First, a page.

Ethiopia is open to selling off state-owned firms, either partially or entirely, as part of a major economic reform drive designed to “unleash the potential of the private sector”, its information minister said.
In an interview with Reuters, Ahmed Shide said the government of Prime Minister Abiy Ahmed – which has announced a stream of reforms since coming into office in April – would retain majority holdings in the state-run airline, logistics, telecoms and energy companies.
Everything else from hotels to sugar farming to cement production could be for sale, with the sole exception of the tightly controlled financial services sector whose future was yet to be decided, he said.
“The main objective is to encourage private sector development in the country,” Ahmed said, making it clear Ethiopia was turning the page on decades of state reliance to drive economic growth in the nation of 100 million people.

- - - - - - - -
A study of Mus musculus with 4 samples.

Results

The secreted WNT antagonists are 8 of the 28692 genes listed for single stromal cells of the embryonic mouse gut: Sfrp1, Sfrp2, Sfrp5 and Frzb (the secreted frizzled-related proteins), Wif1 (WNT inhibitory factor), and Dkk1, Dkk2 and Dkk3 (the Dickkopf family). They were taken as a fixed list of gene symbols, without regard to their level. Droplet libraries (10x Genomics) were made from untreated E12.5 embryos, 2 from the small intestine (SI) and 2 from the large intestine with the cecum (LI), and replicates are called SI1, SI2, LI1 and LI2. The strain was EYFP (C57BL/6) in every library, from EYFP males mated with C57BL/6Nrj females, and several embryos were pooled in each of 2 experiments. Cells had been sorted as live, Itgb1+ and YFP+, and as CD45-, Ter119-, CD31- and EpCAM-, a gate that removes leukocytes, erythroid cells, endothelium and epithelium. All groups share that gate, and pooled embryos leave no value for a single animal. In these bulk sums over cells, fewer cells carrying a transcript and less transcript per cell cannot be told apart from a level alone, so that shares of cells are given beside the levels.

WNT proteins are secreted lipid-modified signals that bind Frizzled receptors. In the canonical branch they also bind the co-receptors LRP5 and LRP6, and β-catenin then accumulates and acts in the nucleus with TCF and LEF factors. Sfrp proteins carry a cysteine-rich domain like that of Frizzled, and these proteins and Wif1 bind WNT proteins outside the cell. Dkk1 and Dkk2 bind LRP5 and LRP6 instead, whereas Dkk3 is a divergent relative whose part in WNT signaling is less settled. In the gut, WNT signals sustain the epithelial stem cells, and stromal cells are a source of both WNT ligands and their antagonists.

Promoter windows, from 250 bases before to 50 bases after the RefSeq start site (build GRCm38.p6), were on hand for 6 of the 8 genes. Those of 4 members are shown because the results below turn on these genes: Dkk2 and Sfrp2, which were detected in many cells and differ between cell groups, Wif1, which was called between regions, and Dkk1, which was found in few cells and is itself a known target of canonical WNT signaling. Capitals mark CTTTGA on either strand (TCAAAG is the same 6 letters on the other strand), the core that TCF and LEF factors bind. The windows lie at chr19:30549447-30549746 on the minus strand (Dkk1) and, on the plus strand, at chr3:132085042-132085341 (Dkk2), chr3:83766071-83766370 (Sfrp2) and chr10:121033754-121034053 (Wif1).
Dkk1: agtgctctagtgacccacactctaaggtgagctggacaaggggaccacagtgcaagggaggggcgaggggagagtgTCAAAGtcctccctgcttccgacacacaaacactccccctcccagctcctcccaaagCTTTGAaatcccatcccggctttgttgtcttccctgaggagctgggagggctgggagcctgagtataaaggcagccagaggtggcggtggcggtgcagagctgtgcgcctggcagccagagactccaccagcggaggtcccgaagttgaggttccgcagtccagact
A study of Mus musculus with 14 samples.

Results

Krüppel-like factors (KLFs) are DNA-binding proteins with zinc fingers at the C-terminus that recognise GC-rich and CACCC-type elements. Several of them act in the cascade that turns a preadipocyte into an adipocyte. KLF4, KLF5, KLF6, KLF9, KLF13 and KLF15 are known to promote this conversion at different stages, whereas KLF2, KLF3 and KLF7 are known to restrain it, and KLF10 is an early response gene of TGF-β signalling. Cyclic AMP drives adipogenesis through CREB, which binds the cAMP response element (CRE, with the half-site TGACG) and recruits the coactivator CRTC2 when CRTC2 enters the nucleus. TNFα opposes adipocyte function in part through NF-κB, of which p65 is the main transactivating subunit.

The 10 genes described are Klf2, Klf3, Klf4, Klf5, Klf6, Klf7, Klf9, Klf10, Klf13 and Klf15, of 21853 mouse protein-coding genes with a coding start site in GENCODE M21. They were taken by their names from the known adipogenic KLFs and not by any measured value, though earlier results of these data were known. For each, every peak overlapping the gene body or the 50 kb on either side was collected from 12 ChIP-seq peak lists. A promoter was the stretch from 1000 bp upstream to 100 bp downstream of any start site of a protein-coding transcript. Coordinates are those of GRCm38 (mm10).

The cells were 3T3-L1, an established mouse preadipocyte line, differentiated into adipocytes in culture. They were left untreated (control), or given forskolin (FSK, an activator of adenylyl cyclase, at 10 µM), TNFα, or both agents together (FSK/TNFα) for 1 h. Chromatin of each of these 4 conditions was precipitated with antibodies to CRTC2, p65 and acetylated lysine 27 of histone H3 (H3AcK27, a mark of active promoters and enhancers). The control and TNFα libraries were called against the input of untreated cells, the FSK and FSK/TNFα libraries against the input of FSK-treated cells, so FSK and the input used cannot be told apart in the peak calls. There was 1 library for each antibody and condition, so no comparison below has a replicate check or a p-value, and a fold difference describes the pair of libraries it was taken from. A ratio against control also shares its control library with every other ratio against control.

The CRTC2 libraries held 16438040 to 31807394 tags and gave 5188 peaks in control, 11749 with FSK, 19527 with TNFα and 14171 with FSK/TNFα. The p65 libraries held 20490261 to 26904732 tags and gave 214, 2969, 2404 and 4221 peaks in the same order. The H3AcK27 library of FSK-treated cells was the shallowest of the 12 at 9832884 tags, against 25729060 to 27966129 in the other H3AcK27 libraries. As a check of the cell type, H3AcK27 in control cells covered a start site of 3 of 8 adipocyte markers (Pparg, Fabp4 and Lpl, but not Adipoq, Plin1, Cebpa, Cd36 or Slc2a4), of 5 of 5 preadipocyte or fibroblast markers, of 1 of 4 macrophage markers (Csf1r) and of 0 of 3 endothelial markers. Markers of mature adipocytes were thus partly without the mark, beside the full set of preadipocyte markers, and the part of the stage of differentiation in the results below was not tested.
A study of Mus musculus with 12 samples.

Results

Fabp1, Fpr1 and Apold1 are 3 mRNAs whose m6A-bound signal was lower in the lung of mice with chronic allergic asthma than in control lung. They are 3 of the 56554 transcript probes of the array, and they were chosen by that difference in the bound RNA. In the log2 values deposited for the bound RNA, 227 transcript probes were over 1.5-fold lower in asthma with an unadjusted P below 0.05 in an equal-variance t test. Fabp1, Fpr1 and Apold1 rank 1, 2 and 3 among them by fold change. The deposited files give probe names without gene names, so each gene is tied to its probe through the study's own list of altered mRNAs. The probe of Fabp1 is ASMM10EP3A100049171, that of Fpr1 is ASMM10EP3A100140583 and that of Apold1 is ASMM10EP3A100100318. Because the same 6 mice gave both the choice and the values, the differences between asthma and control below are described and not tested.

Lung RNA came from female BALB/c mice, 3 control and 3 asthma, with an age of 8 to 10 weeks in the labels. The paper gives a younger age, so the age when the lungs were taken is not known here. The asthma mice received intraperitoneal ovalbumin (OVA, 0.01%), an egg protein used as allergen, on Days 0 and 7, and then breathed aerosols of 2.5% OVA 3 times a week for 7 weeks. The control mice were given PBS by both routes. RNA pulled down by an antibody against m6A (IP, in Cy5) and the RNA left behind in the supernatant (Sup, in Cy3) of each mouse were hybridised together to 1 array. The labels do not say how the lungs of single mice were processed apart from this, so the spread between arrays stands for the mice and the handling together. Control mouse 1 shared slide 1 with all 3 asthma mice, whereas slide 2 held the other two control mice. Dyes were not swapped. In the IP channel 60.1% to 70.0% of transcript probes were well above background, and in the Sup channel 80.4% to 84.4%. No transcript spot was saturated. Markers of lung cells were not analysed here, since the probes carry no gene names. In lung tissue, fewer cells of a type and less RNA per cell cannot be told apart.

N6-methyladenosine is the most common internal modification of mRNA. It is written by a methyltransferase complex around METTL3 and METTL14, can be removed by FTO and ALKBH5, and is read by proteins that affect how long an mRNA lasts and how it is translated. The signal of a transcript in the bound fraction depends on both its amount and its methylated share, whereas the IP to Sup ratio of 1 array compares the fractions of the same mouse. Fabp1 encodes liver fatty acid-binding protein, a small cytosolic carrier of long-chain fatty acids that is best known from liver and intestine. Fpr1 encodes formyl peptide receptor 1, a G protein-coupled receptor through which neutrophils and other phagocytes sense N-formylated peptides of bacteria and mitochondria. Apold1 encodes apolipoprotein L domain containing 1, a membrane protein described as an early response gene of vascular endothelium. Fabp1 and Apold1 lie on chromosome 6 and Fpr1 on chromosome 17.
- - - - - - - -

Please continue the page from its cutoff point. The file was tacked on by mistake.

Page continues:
“The role of the private sector is fundamental. We did a lot of state development projects. Now we need to unleash the potential of the private sector,” he said.
Ahmed did not give a time-frame for privatisation saying Addis was tendering for advice from global business consultancies including McKinsey and PwC.
“Detailed planning is not complete but precautions will be made to avoid mistakes,” he said. “We will do it with caution.”
Having come to power less than four months ago, 41-year-old Abiy turned the Horn of Africa nation on its head with his bold plans to reshape politics and the economy.
Beside his desire to attract foreign capital to one of the continent’s most closed states – a consequence of Ethiopia’s chronic lack of foreign exchange – Abiy brokered peace with arch-enemy Eritrea.
The first commercial flights from Ethiopia to Eritrea in 20 years took off on Wednesday.